How to Analyze Modern Literature in its Historical ContextApril 01, 2019

If you want to learn the variety of critical concepts and approaches, then you must be able to analyze literature in its historical context. It's a very challenging task, but you will gain confidence as you go along the way. And Modern Literature will test your abilities.

Modern Literature had two schools of thoughts, namely authors who wanted to embrace the new methods in expressing (new) ideas and the rest who opted to follow traditional devices while embarking on new preoccupations. Historical events would influence this outcome, which may confuse you at first. You must be able to look at it differently, as Modern Literature covered the closing of the 19th century and the turn of the 20th century. It should remind you of the opening line of "A Tale of Two Cities", which you should read (and study) when you enroll in this module. It should mean additional reading, which you may whine when you realise that the other modules also demand your time (or what little would be left of it) and attention. (You have a short-span attention.) You wouldn't discover your (hidden) abilities and learn new skills if you don't look forward to it.

This article would list down a number of historical events, and how it influenced in shaping Modern Literature as students and scholars would know. It should give you an idea on how to analyze the other events, no less important than the ones you're about to read next. Pay attention to the next section.

The Best and Worst Times: How These Events Define Modern Literature

Sinking of SS Titanic. You need to see the different films depicting the sinking of the SS Titanic including James Cameron's Oscar-winning disaster epic. If you don't have the time, then you might want to check out the clips that would be available in the Internet. There's no doubt that the tragedy marked the end of the Old World, but "A Night to Remember" (1958) would remind everyone of ordinary, if not unsuspecting, passengers who became heroes when circumstances forced them to be. On the other hand, UFA's production would hint at the wide gap between the rich and poor. It was a thin-veiled indictment of the British class system, which could be seen in other parts of the Western world as well. You could compare this catastrophe to one of D.H. Lawrence's novels, but there would be other ways.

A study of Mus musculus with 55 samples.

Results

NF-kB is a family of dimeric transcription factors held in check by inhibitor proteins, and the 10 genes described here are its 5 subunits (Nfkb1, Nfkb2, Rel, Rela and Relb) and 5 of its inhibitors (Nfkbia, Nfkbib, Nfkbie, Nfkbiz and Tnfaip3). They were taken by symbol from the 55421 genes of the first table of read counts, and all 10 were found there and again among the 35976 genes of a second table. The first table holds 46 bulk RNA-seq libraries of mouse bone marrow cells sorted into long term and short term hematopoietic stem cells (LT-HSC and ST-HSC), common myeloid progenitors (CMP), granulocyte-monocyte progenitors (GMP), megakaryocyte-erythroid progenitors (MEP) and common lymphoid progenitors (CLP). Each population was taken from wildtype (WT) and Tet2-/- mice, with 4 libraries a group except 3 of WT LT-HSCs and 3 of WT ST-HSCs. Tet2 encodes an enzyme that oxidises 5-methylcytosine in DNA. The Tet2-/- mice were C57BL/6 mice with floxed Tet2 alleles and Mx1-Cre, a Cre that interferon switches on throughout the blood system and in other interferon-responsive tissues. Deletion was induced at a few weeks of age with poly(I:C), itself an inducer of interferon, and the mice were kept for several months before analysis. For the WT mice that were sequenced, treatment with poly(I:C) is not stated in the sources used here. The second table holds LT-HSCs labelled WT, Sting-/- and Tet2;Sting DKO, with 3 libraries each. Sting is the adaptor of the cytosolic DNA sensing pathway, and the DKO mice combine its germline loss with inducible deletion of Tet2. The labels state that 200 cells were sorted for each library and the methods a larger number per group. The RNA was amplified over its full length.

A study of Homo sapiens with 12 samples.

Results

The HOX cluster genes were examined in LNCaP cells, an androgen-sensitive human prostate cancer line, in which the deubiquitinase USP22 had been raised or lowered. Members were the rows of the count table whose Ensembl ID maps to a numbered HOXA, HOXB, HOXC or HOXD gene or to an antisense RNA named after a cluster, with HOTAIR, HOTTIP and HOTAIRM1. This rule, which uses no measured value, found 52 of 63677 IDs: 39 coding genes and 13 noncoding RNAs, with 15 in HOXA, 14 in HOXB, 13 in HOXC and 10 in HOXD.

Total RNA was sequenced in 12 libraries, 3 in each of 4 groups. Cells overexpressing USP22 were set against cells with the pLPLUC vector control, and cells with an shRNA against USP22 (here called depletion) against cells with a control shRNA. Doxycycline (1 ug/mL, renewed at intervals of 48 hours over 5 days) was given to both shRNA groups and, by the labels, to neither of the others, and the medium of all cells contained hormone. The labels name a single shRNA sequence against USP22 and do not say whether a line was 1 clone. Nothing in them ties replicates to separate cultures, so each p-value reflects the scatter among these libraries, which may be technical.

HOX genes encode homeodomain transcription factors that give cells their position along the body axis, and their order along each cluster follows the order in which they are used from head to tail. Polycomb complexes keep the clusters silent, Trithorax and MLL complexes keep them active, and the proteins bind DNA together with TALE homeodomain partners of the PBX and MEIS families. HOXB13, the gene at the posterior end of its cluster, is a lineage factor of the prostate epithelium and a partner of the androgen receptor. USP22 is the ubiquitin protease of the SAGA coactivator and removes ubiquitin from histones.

Lawrence's campaign in Arabia. David Lean's biography attempted to understand the mysterious British lieutenant T.E. Lawrence, but the Arabian desert won't say a word. It would be up to the viewers to make up their own mind. He would be in the mold of Lord Jim, which Joseph Conrad may disagree at.

The release of "The Cabinet of Dr. Caligari". The German Expressionism influenced generations of artists, and this unsettling silent film could allude to the jingoistic attitude of the people in the continent (that led to the Great War). It may be a cultural impact at first sight, but the different twists should dispel any doubts that there would be historical allusions as well. Think.

British women got the vote. It should remind you of Jane Austen's heroines, also the female tennis players who fought for equal prize money in Grand Slam events. And the British women would be lucky compared to the women in developing countries. Ursula and Gudrun Brangwen should come to mind here.

Death of George V, and the ascension of Edward VIII. If the Victorian era was notable for order, then the reign of George V saw the rise of socialism, Irish republicanism, and Indian independence movements. Jules Verne's works would attest to it, but you must not forget what followed afterward. Did Edward VIII made the situation a bit better? Keep in mind that his reign was a short one, and you may need to look for a text that would answer the question. And it might not be part of the reading list.

Civil war broke out in Spain. It should remind you of Ernest Hemingway, but you wonder how you could link it to the works of W.H. Auden and Christopher Isherwood. You don't have to do it, as it's not about comparison. You rather look at the other events that coincided with the civil war, and how it impacted the authors during that time.

Citizen Kane. Your coursemates, who would study Cinema, argue that Orson Welles’s groundbreaking movie should have won the lion’s share of the Oscars. It had nothing to do with the subject matter at all. If you guessed that it would be about the follies of looking back (with regret), then you had paid attention.

At the End of This Task

You must have a wide knowledge of this historical and artistic development of the literature of this period, which should develop your logical thinking while writing your other essay on other literary works from this period. It must make you discerning in selecting other materials, which are relevant (to the topic). And you must be able to express in good English prose. It might overwhelm you at the very start, but practice should dispel those doubts. How about Einstein’s Theory of Relativity?